GOP Rep Bought Stocks In Zoom And Sold Cruise Line Shares Ahead Of Market Crash
The Hill reports that Representative Phil Roe (R-TN) sold cruise line stocks and invested into companies that produce vaccines and provide video conferencing services ahead of the market’s plunge in March.
It is not clear if Roe, a ranking member of the House Veteran’s Affairs Committee, was privy to any information about the COVID-19 pandemic’s potential effect on the economy prior to public statements and measures.
The Tennessean reports that from March 6 to March 9, “Roe sold 97 stocks valued at between $688,000 and $3.5 million.” This included shares owned in 60 different companies. Among the companies represented were Disney, Royal Caribbean Cruises, Philip Morris, Bank of America, Delta Airlines, and Chevron.
Meanwhile, in early January Roe purchased at least $75,001 in stocks. The Tennessean writes, “Many of the 62 different companies he bought stock in on [January] 6 have a major presence on the Internet.” A few examples include Alphabet, Amazon, Carvana, Spotify, Roku, Slack, and Zoom.
“Roe also invested in several health care and science companies that have seen their stocks later surge while working to address COVID-19,” the Tennessean reports. One of these was biotechnology company Moderna, which later “announced it was working with the… National Institutes of Health to finalize a sequence to create a COVID-19 vaccine.” Roe also invested in Veeva, Medpace, Guardant, and Catalent.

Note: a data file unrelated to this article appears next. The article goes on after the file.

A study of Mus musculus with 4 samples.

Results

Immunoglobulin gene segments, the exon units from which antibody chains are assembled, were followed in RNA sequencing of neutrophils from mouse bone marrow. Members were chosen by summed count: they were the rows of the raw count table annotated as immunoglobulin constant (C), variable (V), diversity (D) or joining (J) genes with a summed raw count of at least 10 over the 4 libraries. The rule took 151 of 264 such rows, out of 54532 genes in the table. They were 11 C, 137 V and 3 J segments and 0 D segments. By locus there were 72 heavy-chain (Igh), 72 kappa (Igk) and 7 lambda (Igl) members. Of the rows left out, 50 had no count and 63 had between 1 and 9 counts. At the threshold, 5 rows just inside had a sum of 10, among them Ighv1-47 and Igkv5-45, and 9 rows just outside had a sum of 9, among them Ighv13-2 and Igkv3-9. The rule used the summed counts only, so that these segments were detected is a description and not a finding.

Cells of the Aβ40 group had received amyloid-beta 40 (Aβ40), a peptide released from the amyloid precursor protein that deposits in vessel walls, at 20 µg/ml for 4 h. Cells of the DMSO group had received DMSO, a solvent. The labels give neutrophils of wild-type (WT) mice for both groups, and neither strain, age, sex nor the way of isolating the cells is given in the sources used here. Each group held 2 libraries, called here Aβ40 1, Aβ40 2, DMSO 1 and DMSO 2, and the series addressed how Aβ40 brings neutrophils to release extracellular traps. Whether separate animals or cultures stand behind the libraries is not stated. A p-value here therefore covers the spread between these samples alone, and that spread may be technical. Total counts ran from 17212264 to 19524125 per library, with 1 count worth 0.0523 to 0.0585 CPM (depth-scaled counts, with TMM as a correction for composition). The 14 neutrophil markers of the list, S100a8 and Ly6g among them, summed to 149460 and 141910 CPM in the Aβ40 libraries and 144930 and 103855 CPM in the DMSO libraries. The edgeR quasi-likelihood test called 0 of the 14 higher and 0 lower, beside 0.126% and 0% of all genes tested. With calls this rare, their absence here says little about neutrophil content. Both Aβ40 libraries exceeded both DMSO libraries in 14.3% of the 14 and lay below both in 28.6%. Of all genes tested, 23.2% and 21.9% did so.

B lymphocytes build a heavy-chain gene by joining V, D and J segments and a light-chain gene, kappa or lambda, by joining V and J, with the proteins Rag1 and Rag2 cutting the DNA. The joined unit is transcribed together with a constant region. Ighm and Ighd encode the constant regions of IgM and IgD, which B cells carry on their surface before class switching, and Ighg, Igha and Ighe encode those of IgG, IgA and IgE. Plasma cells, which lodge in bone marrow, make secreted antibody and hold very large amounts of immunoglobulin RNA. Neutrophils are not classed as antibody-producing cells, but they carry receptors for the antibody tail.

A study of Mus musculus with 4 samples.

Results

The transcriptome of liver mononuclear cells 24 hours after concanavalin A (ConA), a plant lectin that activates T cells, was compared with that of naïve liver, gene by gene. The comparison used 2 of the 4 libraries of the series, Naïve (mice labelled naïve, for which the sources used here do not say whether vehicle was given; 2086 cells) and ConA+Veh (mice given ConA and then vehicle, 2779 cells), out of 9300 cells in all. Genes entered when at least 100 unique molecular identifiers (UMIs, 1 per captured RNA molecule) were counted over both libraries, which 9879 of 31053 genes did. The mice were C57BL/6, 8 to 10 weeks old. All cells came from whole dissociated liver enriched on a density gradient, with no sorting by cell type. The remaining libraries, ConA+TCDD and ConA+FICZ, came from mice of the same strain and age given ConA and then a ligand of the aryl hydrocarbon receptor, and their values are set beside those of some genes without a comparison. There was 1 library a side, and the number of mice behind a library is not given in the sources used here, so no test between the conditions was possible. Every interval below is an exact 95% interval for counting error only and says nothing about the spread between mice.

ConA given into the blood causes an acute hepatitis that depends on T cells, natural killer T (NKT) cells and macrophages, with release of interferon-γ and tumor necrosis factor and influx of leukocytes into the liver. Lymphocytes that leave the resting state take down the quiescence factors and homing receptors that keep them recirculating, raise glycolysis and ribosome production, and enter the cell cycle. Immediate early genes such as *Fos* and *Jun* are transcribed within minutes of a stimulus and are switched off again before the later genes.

Roe purchased additional stock on January 31, one day after top United States health officials met with members of Congress behind closed doors to discuss COVID-19. Roe may have been referencing this meeting in a February 12 interview with the Family Research Council when he said, “A couple weeks ago they brought all of us in the House for a briefing.”
However, a spokesperson told the Hill that Roe does not control his own stock trading, instead relying on a third party investment manager.
Congressman Roe does not manage his personal stock investments and uses a third party investment manager to handle personal stock purchases and sales.
Kedric Payne, legal counsel for the Campaign Legal Center, a nonpartisan Washington, D.C.-based watchdog group, acknowledged that there is not yet evidence that makes it certain that Roe acted based on non-public information. However, he seemed to examine the data very keenly.
There is nothing in the public record yet to suggest Roe had non-public material information when he made [the trades…] But you just never know what’s going to come to light.